If you haven’t heard much about “Responsive Web Design” yet, you should get reading. The original article was published on A List Apart almost a year ago, and the movement has slowly been building since. Its practically a buzzword now.
The idea is fairly straightforward: With all the new internet devices coming out, people are accessing websites in many different ways and viewing them on many different screen sizes. Monitors are getting bigger, smartphones are (mostly) getting smaller, and tablets are, well, somewhere in the middle. So why develop sites at just one size? If people are viewing sites at different times in different ways, shouldn’t the design—and in some cases the content—change as well?
The idea is a great one. The executions, however, are easy to screw up. Yesterday on Twitter I briefly discussed the blog post More Responsive Design, Please and some of the problems I see with many mobile sites. With Responsive Web Design starting to gain momentum, I fear we will start to see many designers getting caught up in the idea and trying to implement responsive designs just for the sake of it, throwing away many principles that still hold true.
This post is not an attack on Responsive Web Design. I think the idea is great. This post, rather, is to make sure designers are thinking things through before acting. A word of caution, and a reminder of some of the design and development principles that should still hold true regardless of how “responsive” a site is.
Grids are good
While technology and devices will always change, good design principles will not. Proper grid alignment will always be key, and the Golden Ratio will always be golden. Similarly, the ideal number of characters-per-line of text is still 66.
For these reasons, fluid layouts, while they can be great, can also be very dangerous. Extra attention needs to be placed on these kinds of details for such layouts, otherwise good design is simply being sacrificed in the name of a web design movement. Adapt.js looks to be another interesting idea for using multiple grid layouts.
Mobile users don’t always want to be mobile users
This was the main subject of my tweet yesterday. A growing trend is to create mobile versions of websites, often at 320 pixels. Back before smartphones ran complete browsers, mobile versions were actually necessary. Today, however, they’re generally not. They can still be a great idea, but if designers aren’t careful, they can often just make the situation worse.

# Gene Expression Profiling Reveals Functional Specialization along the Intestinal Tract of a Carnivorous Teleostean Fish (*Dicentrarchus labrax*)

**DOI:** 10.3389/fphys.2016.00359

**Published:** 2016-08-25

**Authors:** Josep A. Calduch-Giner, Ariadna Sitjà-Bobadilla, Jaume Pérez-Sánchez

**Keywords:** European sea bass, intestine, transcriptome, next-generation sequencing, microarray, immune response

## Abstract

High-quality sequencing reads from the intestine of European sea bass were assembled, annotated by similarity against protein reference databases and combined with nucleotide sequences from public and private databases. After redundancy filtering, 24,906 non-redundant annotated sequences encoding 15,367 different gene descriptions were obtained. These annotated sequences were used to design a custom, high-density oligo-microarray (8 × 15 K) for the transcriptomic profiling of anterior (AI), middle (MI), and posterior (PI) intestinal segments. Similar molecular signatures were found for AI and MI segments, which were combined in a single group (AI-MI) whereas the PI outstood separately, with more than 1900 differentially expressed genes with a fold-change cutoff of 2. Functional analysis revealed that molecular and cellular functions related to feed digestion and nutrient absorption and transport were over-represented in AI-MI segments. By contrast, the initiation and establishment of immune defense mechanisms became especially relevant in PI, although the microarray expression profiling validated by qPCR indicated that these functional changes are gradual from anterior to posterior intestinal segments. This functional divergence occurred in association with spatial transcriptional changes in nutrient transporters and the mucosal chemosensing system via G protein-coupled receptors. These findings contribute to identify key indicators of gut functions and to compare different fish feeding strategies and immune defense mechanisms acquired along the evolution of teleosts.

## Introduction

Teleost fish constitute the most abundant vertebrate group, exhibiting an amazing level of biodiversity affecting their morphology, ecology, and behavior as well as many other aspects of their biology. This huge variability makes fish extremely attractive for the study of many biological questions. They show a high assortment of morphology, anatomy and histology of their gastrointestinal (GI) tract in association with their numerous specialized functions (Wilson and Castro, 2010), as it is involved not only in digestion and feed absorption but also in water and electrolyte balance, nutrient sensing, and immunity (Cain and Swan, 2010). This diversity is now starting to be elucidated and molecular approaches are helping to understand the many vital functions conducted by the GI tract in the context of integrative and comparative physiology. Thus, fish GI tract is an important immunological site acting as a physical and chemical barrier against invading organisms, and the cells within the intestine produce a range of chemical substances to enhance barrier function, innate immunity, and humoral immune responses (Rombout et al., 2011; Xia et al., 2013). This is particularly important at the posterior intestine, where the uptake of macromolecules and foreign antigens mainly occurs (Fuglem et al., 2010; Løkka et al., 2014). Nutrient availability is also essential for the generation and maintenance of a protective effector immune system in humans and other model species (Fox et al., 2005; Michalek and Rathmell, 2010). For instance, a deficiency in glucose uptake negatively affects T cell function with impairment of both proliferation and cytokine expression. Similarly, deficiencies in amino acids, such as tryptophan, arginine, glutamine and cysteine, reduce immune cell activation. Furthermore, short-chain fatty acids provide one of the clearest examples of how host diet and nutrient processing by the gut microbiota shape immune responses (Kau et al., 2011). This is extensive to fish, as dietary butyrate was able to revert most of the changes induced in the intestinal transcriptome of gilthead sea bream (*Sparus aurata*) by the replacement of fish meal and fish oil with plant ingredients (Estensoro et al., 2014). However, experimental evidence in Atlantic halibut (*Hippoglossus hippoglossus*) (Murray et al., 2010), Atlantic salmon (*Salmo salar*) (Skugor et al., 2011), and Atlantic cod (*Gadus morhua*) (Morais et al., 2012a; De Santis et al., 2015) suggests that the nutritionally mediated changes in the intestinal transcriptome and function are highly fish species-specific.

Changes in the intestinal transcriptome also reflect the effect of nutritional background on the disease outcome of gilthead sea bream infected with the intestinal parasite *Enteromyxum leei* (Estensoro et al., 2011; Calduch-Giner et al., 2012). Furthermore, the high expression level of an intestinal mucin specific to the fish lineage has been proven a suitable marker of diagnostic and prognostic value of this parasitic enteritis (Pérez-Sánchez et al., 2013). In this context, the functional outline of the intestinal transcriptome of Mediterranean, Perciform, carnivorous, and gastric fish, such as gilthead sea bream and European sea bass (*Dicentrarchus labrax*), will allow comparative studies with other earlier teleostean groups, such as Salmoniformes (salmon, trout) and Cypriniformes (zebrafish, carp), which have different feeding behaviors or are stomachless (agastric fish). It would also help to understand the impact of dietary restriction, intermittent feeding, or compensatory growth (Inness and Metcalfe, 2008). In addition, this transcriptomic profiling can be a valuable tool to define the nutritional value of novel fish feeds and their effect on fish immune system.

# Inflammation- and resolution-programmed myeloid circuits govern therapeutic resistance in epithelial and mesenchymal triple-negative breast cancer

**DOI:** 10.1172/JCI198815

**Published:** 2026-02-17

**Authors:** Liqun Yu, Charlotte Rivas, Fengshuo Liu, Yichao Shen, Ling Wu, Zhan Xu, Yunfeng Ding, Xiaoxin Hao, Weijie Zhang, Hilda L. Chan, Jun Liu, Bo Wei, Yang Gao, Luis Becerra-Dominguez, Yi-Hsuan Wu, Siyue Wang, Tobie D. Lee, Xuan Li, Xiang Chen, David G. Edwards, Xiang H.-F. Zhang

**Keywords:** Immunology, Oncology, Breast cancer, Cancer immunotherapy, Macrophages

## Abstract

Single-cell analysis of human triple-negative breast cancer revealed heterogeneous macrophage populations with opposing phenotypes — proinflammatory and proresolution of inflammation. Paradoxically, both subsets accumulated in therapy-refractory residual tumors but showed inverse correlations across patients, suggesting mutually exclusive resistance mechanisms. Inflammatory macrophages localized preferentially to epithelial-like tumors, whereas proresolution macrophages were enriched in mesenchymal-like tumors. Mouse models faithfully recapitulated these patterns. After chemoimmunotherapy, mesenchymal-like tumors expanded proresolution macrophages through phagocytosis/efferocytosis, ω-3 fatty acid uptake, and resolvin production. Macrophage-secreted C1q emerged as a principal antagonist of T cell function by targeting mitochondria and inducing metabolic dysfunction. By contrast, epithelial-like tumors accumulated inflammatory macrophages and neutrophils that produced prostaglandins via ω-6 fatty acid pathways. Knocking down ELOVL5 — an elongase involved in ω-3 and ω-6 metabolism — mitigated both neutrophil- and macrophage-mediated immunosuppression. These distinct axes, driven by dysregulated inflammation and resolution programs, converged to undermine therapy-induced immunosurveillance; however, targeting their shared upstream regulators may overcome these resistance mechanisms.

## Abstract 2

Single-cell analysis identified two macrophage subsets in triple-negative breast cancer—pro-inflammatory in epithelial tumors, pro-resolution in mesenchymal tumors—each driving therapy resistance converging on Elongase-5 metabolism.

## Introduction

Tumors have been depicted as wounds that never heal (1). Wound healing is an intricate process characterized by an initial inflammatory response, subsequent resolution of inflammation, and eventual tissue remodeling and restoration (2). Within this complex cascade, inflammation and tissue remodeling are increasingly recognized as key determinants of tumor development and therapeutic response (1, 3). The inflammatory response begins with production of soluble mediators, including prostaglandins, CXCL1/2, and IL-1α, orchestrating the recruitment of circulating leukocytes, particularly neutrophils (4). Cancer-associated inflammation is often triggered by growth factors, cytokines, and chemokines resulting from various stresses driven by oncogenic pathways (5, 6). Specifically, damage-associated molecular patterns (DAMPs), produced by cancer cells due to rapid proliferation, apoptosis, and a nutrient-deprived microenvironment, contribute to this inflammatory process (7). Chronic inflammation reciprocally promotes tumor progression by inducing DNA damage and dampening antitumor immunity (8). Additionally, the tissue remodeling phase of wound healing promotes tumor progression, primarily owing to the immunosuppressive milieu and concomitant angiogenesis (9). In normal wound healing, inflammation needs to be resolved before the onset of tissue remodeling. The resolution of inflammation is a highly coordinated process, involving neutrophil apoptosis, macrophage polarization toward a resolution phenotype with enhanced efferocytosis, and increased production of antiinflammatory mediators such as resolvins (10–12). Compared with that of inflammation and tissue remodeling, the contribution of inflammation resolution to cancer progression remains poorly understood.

To create a solid mobile site, a designer needs to nail exactly why users are accessing the site on a mobile device. And assumptions on this issue are not always correct. For me personally, when I access a site, generally the first thing I do is search for the “full site” link. This is especially true for Facebook’s mobile site. Why? Because I already have their iPhone app that essentially has the same features as the mobile site. If I’m accessing Facebook via Mobile Safari, it’s because I’m looking for something only accessible via the full site.
If I’m accessing a site via my iPhone that I also regularly visit in a full browser, chances are I know what I want and where it is. Changing anything, regardless of intent, does not help. I already know where everything is—don’t make me find it again.
We can’t reliably determine a user’s intention based on the capability information we collect from her device or internet connection.
Unless you are sure beyond a reasonable doubt that you know exactly what your mobile users want, there needs to be a better way of determining which content to show than simply checking for the type of device.
Remember back when people used to do this awful thing called browser detection? It sounded like a good idea at the time, then we realized it only complicates things.
Developing sites based on set resolutions may work for the time being, but it is important to remember that screens and resolutions, even on mobile devices, will change.
Analytics are your friend
Want to know for sure exactly what mobile users do on your site? You can find out. If more designers looked at actual data before making design decisions, we’d have a lot more excellent mobile sites out there (and a few less bad ones).
Use your brain
In summary, we just need to remember to use our brains. It’s the best design tool we have.
And yes, I am still alive. I realize this is the first time I’ve posted here in almost 2 years, but things have been a little busy. I hope to get back into the habit of posting more regularly, and I can always be caught over on Twitter.